LinkedIn has been an absolute boon for job seekers, for 3 key reasons:

  1. Professional brand – It allows job seekers to be able to publish their professional brand online and to ensure this becomes their ‘landing page’ for social media. In other words, if I want to find you, I can search for you and will (hopefully) land on your LinkedIn profile.

  2. Facilitates networking – LinkedIn gives visibility – and therefore potential introductions – to people you don’t know, but who work in organisations you’d like to work for. In essence, you use your 1st degree connections as a ‘conduit’ for introductions to others.

  3. Jobs – Lots of great jobs are posted on LinkedIn, and in many ways it’s becoming the major online job board in the market.

Bottom-line: You need to have a LinkedIn profile as part of your job search armory. Not just in job search but, it’s also great when you are employed to obtain information, develop business and generally just to stay ‘in touch’ with business colleagues.

It stands to reason that you need a ‘complete’ LinkedIn profile. Not only does this ensure you can be more easily found, but it also creates the right impression when people view your profile. For example, if I am meeting someone, I generally take a look at their profile, albeit briefly, prior to meeting them. This gives me a ‘virtual first impression’ ahead of meeting them and we all know the value of first impressions…

So, what are the 5 things you absolutely must have as part of your LinkedIn profile?

  1. A professionally taken, head and shoulders profile picture – We are human beings and we suss each other out. If I see a picture on your LinkedIn profile that’s better suited to Facebook, I may come away with a skewed perception of who you are. If I see you partying hard with your arm around a friend, I’ll think you enjoy a good time, but that’s not necessarily the impression you want to convey professionally. In short, dress as if you are going to interview (or dress appropriately for your profession or job), look into the camera, SMILE, ensure the picture is well-lit and has a clear background.

  2. A descriptive and high-impact headline – When we are not working, we no longer have a job title or company name to describe who we are (e.g. Widget Maker, Smith Manufacturing). Please don’t use ‘Seeking next opportunity’ as this sounds desperate and needy and is not a headline…Instead use something that describes you professionally. For example, ‘Commercially-oriented Human Resources Business Partner with diverse industry experience’, or ‘General Manager with regional exposure in Cloud-related technology’. Whatever, you use, it has to describe YOU!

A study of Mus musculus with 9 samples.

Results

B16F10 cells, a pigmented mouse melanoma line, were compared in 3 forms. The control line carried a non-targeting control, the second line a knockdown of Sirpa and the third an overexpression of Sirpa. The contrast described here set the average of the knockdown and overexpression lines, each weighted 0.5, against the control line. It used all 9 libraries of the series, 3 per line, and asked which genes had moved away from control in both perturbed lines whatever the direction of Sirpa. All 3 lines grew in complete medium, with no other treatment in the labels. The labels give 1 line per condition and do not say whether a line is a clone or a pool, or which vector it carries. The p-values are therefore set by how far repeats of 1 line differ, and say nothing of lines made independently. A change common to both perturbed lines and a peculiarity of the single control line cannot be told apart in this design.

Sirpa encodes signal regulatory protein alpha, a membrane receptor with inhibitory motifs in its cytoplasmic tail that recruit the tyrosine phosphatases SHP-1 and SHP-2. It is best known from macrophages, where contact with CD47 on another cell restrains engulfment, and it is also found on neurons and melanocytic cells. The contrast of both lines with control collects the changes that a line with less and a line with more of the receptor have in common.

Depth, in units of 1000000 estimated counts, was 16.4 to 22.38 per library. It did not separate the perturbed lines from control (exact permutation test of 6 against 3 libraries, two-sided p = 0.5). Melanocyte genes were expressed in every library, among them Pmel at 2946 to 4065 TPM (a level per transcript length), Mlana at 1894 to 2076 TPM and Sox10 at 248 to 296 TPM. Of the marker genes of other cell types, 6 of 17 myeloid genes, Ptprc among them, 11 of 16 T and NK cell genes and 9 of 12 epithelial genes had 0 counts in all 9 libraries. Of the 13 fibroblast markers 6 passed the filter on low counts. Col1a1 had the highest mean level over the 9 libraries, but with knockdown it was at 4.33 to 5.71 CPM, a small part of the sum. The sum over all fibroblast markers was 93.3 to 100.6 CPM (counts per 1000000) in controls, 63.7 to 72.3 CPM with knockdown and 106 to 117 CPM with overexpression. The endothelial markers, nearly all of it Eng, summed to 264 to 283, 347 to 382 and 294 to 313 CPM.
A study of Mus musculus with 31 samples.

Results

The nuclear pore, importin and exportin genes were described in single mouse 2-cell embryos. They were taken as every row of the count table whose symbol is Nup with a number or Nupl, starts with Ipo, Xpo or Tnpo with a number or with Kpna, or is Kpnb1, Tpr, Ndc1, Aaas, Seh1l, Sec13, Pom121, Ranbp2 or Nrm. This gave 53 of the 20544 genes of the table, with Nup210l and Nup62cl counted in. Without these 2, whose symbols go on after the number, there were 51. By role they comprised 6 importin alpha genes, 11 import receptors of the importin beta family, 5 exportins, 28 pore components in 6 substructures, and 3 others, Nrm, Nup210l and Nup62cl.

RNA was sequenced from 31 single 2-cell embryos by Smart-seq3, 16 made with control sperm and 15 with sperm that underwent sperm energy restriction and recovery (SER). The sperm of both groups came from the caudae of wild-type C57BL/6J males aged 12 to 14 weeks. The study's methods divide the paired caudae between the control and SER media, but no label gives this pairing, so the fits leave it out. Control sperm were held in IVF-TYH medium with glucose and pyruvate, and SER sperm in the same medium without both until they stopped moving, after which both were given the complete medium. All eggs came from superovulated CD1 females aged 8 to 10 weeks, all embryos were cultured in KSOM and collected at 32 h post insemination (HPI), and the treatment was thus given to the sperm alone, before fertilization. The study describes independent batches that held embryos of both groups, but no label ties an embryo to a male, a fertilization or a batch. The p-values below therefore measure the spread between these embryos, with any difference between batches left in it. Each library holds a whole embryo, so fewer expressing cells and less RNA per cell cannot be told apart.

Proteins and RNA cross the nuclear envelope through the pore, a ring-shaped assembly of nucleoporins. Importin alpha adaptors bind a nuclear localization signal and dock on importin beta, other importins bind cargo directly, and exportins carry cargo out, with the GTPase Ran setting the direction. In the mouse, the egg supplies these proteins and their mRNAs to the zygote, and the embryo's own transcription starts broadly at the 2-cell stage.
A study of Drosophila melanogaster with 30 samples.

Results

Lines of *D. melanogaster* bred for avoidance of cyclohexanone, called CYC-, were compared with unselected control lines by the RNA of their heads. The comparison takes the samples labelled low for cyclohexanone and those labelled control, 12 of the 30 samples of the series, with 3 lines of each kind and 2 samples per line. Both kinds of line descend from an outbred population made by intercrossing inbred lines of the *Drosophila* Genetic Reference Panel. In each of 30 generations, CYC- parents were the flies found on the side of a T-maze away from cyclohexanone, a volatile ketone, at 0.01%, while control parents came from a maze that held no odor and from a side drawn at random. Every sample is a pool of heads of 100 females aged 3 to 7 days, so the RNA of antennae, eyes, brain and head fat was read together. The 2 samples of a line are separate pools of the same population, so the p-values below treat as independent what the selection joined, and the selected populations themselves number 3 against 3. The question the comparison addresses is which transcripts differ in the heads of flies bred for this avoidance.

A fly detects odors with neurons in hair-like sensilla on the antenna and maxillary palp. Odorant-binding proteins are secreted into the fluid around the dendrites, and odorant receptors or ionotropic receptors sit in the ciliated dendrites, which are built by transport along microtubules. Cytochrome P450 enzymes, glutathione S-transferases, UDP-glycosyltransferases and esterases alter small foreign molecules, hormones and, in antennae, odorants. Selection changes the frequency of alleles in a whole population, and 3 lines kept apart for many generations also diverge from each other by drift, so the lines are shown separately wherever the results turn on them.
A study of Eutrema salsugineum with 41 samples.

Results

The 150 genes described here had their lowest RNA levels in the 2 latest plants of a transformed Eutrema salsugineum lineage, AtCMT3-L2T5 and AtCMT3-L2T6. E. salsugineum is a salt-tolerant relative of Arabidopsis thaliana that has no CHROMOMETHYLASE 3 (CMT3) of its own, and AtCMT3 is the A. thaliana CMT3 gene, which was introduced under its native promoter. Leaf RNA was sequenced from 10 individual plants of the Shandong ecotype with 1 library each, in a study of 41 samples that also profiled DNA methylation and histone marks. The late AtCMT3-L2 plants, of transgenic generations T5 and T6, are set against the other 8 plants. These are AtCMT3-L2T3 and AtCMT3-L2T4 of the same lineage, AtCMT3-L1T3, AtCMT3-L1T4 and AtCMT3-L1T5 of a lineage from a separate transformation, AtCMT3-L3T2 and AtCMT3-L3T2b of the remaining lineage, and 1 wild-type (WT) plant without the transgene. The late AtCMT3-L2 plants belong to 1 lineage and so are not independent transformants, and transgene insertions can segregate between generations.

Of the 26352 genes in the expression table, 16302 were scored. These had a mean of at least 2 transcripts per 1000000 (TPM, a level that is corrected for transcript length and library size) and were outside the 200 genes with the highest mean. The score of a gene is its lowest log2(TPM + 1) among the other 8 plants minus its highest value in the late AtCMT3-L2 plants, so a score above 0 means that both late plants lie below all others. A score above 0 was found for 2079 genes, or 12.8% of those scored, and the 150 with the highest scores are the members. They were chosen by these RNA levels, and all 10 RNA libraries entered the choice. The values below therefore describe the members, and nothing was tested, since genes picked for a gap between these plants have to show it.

3. A compelling summary of who you are and what you offer – If you want people to read your profile, you need to grab and hold their attention with your summary. A good rule of thumb is to describe you are are professionally, give a flavour of some industries and companies you’ve worked for, showcase your expertise in your profession or industry and add some key strengths that differentiate you as a manager or employee. One or two brief paragraphs is perfect.

  4. A brief description of what you did in each of your roles going back around 10 years – Beyond 10 years, it’s ancient history in professional terms. I suggest to my clients that they limit their input to the size of the text box LinkedIn provides for each role. All you need to add is a broad overview of your responsibilities and one or two significant achievements (e.g. ‘In this role I did A, B and C and a key achievement in the role was….’).

  5. Recommendations from others who can validate your professional skills and value – Reach out to ex-managers, key stakeholders, external suppliers and anyone who can speak positively about your work. LinkedIn only shows 2 recommendations per job and the first 3 lines of each of these recommendations, so make these ‘third party validations’ count.

If you’d like assistance in developing a great LinkedIn profile that will support your job search efforts, contact The Career Medic. Similarly, for assistance with resumes, interviewing and networking skills, The Career Medic can help.

The Career Medic – Taking the worry out of job search for the over 40s.